The government’s new asylum seeker deal with Papua New Guinea appears to be gaining support from voters, according to poll results published today.
But tell that to vocal campaigners, who were out in force again today opposing the move.
Hundreds marched through central Sydney lambasting the government over its hardline Papua New Guinea settlement deal, as immigration confirmed a fifth group of asylum seekers has been sent there.
“I oppose quite strongly both of their approaches to immigrations, to so called illegal immigrants,” one protester told SBS.
“I’d like to see a much more compassionated or humanitarian approach.”
Prime Minister Kevin Rudd continues to defend the airing of Labor’s new asylum advertisements during the campaign.
“Paying a people smuggler is not a ticket to Australia, the rules have now changed,” he says.
But Australia’s not the only country clamping down on illegal immigration.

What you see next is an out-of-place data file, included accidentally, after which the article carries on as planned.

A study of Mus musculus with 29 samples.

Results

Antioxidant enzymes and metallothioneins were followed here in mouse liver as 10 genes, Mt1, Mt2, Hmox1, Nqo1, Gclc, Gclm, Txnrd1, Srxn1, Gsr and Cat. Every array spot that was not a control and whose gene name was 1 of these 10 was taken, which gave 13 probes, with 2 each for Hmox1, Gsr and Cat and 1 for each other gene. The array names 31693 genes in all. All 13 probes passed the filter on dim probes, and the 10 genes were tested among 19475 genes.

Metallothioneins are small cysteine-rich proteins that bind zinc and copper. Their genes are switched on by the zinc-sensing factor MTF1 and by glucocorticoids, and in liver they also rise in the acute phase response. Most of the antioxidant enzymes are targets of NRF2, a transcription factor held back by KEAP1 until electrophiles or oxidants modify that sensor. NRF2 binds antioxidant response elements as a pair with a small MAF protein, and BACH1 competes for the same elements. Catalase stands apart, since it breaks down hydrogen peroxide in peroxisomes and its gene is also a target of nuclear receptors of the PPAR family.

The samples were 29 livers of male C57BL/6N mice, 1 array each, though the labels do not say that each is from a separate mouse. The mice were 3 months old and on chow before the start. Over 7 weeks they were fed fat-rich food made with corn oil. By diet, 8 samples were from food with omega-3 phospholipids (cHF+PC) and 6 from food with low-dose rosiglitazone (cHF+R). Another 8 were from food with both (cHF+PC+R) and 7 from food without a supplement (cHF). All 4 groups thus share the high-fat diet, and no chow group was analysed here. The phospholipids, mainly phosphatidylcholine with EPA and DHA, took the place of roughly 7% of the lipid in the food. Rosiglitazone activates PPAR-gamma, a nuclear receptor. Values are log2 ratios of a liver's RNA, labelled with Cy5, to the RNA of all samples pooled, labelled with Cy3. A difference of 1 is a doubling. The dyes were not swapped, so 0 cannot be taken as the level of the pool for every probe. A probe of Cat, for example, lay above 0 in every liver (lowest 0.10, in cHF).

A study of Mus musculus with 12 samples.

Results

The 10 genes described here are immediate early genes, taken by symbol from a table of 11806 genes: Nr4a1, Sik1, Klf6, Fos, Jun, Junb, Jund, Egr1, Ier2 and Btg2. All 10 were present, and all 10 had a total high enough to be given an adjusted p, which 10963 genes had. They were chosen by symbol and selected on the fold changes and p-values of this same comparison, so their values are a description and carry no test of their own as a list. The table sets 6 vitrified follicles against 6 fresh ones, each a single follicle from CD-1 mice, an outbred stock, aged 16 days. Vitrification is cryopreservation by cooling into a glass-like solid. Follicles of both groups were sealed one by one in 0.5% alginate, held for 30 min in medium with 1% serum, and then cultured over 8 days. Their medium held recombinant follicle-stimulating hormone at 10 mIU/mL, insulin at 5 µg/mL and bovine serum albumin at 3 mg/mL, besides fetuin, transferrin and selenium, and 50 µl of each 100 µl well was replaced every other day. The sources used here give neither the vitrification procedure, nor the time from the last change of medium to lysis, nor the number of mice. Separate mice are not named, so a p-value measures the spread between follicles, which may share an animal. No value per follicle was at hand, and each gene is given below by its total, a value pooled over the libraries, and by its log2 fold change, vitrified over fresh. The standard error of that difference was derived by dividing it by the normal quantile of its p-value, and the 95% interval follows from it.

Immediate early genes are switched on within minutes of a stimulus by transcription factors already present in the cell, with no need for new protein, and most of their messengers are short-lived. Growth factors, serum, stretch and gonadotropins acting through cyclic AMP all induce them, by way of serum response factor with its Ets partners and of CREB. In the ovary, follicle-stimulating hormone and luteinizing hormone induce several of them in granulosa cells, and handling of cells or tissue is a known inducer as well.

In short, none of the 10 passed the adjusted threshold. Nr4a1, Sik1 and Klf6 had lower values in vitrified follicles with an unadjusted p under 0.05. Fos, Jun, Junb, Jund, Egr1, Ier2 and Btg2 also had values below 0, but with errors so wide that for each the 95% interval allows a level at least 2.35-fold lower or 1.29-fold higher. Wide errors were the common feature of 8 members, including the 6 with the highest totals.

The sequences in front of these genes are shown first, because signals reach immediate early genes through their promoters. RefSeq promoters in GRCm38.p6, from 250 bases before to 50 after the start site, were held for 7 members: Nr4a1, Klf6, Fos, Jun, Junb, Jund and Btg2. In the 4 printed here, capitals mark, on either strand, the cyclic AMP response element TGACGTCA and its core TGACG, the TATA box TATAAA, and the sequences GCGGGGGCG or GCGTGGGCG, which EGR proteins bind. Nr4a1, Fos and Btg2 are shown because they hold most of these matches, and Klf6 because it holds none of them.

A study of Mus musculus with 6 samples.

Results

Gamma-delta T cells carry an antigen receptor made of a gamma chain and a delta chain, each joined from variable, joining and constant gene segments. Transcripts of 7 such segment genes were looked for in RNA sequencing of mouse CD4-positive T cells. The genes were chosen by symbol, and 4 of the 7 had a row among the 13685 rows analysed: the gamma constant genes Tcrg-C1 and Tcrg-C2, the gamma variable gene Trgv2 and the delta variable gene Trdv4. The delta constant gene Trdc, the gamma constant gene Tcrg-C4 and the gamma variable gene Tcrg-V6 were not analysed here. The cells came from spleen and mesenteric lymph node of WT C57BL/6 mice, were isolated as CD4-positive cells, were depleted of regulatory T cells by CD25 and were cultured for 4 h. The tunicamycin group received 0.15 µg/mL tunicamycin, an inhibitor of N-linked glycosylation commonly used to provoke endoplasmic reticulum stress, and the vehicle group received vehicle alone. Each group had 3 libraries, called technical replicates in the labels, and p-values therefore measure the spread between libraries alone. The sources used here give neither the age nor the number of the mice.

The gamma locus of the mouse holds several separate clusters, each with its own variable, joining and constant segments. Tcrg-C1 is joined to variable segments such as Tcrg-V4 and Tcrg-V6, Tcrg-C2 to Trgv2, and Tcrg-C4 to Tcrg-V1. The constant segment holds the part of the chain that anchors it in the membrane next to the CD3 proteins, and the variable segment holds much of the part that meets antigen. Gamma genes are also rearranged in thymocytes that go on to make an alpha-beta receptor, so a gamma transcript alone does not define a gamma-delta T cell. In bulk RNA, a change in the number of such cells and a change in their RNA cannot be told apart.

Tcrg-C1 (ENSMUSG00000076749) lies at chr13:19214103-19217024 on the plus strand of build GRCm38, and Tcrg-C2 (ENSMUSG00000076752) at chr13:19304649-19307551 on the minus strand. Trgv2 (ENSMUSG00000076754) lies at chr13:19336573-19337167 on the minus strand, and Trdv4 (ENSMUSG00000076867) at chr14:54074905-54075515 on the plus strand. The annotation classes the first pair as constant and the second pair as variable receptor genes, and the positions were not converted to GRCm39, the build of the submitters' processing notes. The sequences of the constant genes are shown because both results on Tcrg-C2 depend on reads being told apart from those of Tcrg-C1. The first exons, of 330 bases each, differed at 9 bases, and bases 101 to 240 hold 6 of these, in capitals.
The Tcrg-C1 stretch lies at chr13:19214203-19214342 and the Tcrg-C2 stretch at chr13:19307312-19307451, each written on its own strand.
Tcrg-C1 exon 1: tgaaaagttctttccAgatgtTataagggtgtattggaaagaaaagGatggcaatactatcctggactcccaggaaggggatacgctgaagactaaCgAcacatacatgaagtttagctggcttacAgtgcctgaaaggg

The British government has just launched a poster campaign, telling illegal immigrants to go home or face arrest.
“I think it is a fantastic idea. We need to clean up the mess because it is creating a lot of problems here,” one man says.
“Maybe that isn’t the way to do it but everybody has to abide by the law in the UK,” says a woman.
But despite the protests, crackdowns on illegal immigration are proving to be a vote winners in many western countries.
A Fairfax-Neilson poll out today shows Labor’s new get tough asylum policy is resonating with the Australian public. The gap between Labor and the Coalition on the asylum issue has narrowed to just 8 points.
Right now, Labor and the Coalition are out to see whose message resonates on election day.